BOX ELDER COUNTY – By Ellen Cook, Headliner Media Specialist – July 19, 2021
Box Elder County is burning up as record high temperatures and lack of rain continue to wreak havoc in northern Utah. Because of the dry conditions, the State Forester’s office has issued a Stage 2 Fire Restriction Order in the county.
All fires are prohibited in unincorporated private and state-owned lands. That means “no building, maintaining, attending or using any fire, campfire or stove fires, including charcoal grills and barbecues, coal or wood burning stoves or tent stoves.”
The restricted areas include homes, developed camping areas or picnic grounds.
This is a tighter restriction than what was allowed at Stage 1, according to County Fire Marshal Corey Barton. “In Stage 1 those in an approved campground could have a campfire or those with a backyard pit could build a fire. No more,” he said. “You can’t have one at home or any place right now. It is just too dry.”
Additionally, no fireworks, tracer ammunition or pyrotechnic devices will be allowed within those same areas. Barton said during the 4th of July holiday, fire wardens were out patrolling and educating the public of the fireworks restriction. “This go-round they will be issuing citations in the unincorporated areas.”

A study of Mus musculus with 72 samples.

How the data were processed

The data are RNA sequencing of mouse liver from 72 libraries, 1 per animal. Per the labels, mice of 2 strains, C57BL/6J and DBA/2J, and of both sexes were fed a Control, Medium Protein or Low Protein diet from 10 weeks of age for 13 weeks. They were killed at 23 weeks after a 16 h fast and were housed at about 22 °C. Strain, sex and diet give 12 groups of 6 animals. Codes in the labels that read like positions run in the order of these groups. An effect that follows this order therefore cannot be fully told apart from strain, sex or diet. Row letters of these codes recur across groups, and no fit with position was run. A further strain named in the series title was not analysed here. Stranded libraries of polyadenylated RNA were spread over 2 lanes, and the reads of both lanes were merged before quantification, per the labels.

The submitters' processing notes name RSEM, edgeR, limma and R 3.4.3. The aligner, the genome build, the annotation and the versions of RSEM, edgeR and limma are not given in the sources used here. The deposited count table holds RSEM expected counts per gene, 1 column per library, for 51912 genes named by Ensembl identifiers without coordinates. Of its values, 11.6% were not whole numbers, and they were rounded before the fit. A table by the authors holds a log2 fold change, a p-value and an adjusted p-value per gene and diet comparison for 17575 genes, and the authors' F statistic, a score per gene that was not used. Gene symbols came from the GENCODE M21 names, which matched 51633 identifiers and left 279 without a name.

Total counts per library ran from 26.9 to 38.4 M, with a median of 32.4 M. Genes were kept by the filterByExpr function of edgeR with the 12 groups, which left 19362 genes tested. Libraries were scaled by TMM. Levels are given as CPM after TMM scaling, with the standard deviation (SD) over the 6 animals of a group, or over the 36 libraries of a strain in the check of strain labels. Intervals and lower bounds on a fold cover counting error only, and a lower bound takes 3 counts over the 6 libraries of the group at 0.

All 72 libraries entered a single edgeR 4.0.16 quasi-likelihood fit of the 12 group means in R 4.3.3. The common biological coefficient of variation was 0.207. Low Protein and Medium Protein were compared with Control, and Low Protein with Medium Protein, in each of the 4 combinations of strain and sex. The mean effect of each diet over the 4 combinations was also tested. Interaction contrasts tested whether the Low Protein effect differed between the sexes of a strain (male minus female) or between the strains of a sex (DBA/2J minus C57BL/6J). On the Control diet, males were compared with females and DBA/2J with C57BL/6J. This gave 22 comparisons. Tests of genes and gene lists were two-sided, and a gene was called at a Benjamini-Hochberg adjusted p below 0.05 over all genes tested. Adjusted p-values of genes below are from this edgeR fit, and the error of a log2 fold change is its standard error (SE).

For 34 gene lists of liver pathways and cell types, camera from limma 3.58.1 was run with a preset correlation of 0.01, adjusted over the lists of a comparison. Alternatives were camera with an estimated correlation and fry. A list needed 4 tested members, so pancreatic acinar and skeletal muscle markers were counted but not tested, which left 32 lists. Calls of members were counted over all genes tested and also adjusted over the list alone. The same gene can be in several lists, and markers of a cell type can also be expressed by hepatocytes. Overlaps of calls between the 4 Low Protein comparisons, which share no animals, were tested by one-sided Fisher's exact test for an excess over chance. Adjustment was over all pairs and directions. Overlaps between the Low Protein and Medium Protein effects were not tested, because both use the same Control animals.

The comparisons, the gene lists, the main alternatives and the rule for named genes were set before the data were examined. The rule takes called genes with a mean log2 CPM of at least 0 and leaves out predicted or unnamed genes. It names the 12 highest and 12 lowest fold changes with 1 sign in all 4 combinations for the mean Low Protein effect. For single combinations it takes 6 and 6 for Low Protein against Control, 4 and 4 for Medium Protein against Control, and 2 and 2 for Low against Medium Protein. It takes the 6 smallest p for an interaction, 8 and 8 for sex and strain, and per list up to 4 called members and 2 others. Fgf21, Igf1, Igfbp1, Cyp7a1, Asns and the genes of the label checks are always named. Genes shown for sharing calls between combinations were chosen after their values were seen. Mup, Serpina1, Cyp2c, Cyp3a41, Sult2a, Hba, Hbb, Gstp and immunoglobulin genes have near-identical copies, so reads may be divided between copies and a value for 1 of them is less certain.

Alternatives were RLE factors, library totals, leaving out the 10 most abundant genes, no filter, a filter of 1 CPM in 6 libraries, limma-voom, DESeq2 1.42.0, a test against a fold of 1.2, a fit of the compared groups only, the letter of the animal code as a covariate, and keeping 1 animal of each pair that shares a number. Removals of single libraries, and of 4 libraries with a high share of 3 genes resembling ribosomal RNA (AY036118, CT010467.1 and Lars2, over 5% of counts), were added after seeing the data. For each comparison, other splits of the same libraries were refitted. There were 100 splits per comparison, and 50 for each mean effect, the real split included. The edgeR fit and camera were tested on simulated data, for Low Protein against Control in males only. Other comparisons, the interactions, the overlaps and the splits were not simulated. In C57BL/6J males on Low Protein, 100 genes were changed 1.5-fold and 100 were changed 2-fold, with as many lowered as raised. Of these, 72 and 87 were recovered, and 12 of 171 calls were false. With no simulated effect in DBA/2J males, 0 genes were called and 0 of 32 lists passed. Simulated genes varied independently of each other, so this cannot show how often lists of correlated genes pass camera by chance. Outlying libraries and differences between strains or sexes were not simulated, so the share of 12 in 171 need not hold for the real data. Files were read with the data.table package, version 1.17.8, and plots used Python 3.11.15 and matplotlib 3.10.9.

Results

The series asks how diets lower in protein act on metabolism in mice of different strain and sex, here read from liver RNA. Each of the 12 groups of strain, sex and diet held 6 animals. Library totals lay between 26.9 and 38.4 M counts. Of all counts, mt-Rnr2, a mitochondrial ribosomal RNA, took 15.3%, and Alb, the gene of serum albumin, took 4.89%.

The fire restriction order further states that cutting, welding or grinding metal near dry vegetation is prohibited and small internal combustion engines without a working spark arrester, including motorcycles, chainsaws or ATVs, are not allowed. Smoking, except within a closed vehicle, trailer or building, or on a paved area free of dry vegetation, could also warrant a fine.
Barton noted that residents, for the most part, “have been pretty good. People need to understand where they are and what the restrictions are. Then they just need to follow them.”
Violating the order is punishable by a jail sentence of up to six months or a fine up to $1,000.
These fire restrictions will remain in place until further notice from the State Forester’s office.
The County has also experienced an increase in fires along the freeway in recent weeks, according to Barton. He encourages those towing boats, trailers or other vehicles to make sure their towing chain is at least six inches off the ground. “Folks think if their chain is not touching, it is okay, but all they have to do is hit a bump and it hits the ground. Those safety chains are causing a lot of fires for us right now.”
Barton urges residents to be proactive to help reduce all fires this summer.
“Please follow the restrictions. Please know where you are at. Eighty percent of fires are human-caused. Please don’t be the one who does it.”